Finish line at UH for first time
By Ann Miller
Advertiser Staff Writer
By Ann Miller
Sendoffs for seniors at the University of Hawai'i are usually sincere and sentimental. For Nicole Wright, the Rainbow Wahine have scheduled organized mayhem.
They will host their first Western Athletic Conference Outdoor Track and Field Championships this week at Cooke Field. Some 500 athletes will be competing on the renovated rainbow-colored track, jumping into imported Australian sand, performing the long throws (discus, hammer, javelin) across the road at the soccer field and warming up at Les Murakami Stadium.
Wright, a 2001 Kalaheo graduate and the lone UH senior, is rarely at a loss for words. But the best description she can come up with for her final home sprints, hurdles and jumps is "wonderful."
When she came to Manoa four years ago, the track was an injured ankle waiting to happen and the program was only two years into its rebirth. After four seasons of traveling to the Mainland basically every other week for meets, being home for the final days is a blessing.
It has been a senior season of mixed blessings. Sophomore Meghan Weaver is the first Rainbow Wahine to qualify for NCAA regionals in three field events — shot put, discus and hammer. Junior Patricia Gauthier has also qualified, for the second straight year, in pole vault. Both are in the region's Top 20.
The 'Bows have broken or tied seven outdoor school records, six by sophomore Annett Wichmann, from Germany. On one brilliant day in L.A. (April 12), Weaver and Gauthier got their NCAA standards and several Rainbow Wahine set personal bests. On their next trip, seven 'Bows set season or personal bests at the Sacramento Invitational, including Wright, who is closing fast with career bests in the long and triple jumps.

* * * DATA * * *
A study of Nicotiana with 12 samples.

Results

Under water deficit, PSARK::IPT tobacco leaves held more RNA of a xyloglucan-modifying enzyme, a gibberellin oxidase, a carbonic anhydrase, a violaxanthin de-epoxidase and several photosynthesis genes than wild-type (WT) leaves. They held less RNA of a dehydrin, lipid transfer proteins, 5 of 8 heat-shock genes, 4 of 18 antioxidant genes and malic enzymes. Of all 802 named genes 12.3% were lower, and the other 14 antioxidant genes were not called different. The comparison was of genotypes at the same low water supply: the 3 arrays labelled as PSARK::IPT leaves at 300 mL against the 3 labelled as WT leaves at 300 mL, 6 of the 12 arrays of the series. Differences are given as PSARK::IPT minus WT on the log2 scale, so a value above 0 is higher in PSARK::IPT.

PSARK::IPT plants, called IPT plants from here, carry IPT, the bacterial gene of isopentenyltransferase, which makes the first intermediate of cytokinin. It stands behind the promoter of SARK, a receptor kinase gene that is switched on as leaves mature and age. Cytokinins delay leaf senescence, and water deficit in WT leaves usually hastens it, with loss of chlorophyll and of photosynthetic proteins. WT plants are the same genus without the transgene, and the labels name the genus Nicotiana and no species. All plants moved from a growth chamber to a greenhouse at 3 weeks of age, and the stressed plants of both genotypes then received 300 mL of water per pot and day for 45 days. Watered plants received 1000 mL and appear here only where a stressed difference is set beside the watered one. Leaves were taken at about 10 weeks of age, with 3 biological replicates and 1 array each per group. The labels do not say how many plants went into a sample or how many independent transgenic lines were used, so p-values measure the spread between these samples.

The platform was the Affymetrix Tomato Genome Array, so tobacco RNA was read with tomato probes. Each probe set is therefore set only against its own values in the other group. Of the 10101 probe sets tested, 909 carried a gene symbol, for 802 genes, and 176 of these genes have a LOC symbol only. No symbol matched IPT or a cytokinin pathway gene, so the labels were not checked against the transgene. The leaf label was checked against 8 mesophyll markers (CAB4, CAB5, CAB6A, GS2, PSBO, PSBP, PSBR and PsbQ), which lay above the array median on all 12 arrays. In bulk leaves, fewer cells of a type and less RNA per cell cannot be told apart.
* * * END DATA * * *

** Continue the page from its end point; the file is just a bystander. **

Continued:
And yet, last season a record seven Rainbow Wahine went to regionals. Rain has wiped out more than one day, including a washout when the 'Bows were competing in two meets simultaneously and Bryan Clay, Hawai'i's Olympic silver medalist, came to visit.
One woman came by the Hawai'i tent during the downpour asking if it was "pineapple rain," Wright recalled. "We were thinking, 'what is pineapple rain?' I mean, rain that big might hurt."
Wichmann, for all her excellence, still has not reached the NCAA standard needed for nationals (there is no heptathlon regional). A virus broke out in the middle of the last Mainland trip, catching several athletes and coach Carmyn James. Wichmann, who won silver in the pentathlon at the WAC Indoors in February, set school and event marks at the Northridge and California multi-events. But at that last event, after setting records in the 100 hurdles, 200, shot put and total first-day score — and on NCAA pace — she had to pull out with illness.
Now, all the travel and 4:45 a.m. airport shuttles and Mainland questions about "Dog the Bounty Hunter" are over. The 'Bows close at home, with a goal of improving on last year's sixth-place finish. The meet will have its share of NCAA qualifiers, with Boise State alone bringing in three field athletes (Mattias Jons in hammer, Keron Francis javelin and Steffan Jonsson discus) ranked in the country's top five.
The team consequences are expected to encourage even more athletes to reach NCAA regional standards.
"I'm coming every single day," says Wright, who harbors hopes of reaching regionals in the triple jump. "These are my teammates. Everyone should come."
She thanked her teammates "for being part of my life" on the last road trip. Now, she can finish where she started, on a rainbow track "where you can't lose your lane and if you look up at the right time you can really see a rainbow."
"When people see that," Wright says, "they get why I'm here."
Reach Ann Miller at email@example.com.